Coombs called the charge that Manning indirectly aided the enemy unprecedented. Air Force Lt. Col. David J. R. Frakt, who teaches military law at the University of Pittsburgh, agreed.
"It's very rare and there hasn't been anything in a long time — and probably nothing in the Internet area," Frakt said.
He said it may be a stretch for prosecutors to cite a Civil War case, but he added, "Just because it's unprecedented doesn't mean they can't make their case."
On Wednesday, Manning offered to plead guilty to reduced charges for two of 22 counts he faces. Both allege violations of the federal Computer Fraud and Abuse Act. Lind may consider the proffers at a hearing starting Feb. 26, along with similar previous offers involving eight other counts. Coombs has said the pleas would enable Manning to take responsibility for the leaks. The reduced charges for the 10 counts would be military infractions with combined prison sentences of up to 20 years versus 100 years for the original felony charges.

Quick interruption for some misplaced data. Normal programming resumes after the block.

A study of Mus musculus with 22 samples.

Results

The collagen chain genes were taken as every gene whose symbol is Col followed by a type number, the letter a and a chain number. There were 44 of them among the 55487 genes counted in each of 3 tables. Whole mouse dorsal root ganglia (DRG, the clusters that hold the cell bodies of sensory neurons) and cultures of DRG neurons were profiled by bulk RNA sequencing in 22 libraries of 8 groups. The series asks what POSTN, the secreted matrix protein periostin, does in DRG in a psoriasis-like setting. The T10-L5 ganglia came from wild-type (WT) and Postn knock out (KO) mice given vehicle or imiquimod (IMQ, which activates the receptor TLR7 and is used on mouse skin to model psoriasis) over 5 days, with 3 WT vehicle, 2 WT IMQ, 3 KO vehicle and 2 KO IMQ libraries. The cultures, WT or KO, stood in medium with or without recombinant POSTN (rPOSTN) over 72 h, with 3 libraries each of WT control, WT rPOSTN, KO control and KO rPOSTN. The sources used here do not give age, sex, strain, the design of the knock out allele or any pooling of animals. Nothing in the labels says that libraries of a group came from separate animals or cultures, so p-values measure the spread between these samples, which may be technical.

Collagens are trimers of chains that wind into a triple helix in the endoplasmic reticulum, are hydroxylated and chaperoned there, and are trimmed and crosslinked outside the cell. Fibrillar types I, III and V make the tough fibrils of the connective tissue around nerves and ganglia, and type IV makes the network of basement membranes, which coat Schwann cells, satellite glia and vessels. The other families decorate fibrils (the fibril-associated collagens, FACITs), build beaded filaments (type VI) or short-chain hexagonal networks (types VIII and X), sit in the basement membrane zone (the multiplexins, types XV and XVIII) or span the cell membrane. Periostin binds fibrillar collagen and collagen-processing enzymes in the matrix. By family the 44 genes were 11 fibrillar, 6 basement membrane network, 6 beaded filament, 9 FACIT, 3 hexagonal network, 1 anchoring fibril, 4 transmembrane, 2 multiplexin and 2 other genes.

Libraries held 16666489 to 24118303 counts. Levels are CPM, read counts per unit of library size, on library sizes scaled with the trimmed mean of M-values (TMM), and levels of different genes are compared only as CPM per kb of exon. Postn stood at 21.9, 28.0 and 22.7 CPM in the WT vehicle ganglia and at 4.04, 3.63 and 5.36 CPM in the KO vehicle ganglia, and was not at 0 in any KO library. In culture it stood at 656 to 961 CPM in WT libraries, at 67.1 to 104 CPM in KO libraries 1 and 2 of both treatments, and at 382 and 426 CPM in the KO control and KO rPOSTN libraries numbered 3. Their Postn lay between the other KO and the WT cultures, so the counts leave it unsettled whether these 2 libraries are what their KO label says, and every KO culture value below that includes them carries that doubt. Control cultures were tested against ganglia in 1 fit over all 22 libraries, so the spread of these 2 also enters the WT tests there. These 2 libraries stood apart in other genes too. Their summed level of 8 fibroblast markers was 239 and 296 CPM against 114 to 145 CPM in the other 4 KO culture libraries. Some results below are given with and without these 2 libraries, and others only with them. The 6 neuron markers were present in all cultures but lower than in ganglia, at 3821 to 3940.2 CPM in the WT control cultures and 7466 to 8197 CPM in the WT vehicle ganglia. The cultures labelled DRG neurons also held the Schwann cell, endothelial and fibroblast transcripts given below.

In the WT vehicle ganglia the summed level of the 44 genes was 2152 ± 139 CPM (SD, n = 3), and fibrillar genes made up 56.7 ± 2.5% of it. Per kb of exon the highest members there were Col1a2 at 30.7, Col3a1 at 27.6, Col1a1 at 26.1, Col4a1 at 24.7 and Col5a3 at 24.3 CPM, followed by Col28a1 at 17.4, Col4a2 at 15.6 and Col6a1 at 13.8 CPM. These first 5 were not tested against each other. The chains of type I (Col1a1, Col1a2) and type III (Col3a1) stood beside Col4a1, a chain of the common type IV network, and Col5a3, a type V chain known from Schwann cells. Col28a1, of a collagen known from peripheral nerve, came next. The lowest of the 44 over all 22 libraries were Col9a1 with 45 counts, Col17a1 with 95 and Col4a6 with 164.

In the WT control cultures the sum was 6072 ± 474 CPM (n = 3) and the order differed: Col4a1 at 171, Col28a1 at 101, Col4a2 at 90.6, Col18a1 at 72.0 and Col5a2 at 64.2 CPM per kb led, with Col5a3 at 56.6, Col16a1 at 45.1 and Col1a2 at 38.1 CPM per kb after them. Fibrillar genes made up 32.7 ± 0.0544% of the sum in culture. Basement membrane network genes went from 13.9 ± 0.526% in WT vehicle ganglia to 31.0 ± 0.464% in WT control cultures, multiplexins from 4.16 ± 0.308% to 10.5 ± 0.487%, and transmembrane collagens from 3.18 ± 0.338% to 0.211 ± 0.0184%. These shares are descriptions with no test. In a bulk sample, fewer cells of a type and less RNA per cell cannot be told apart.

Manning, of Crescent, Okla., is accused of leaking classified Iraq and Afghanistan war logs and more than 250,000 diplomatic cables while working as an intelligence analyst in Baghdad in 2009 and 2010. He also is charged with leaking 2007 video of a U.S. helicopter crew gunning down 11 men, including a Reuters news photographer and his driver. The Pentagon concluded the troops acted appropriately, having mistaken the camera equipment for weapons.
Manning supporters consider him a whistleblower whose actions exposed war crimes and helped trigger the pro-democracy Arab Spring uprisings in late 2010.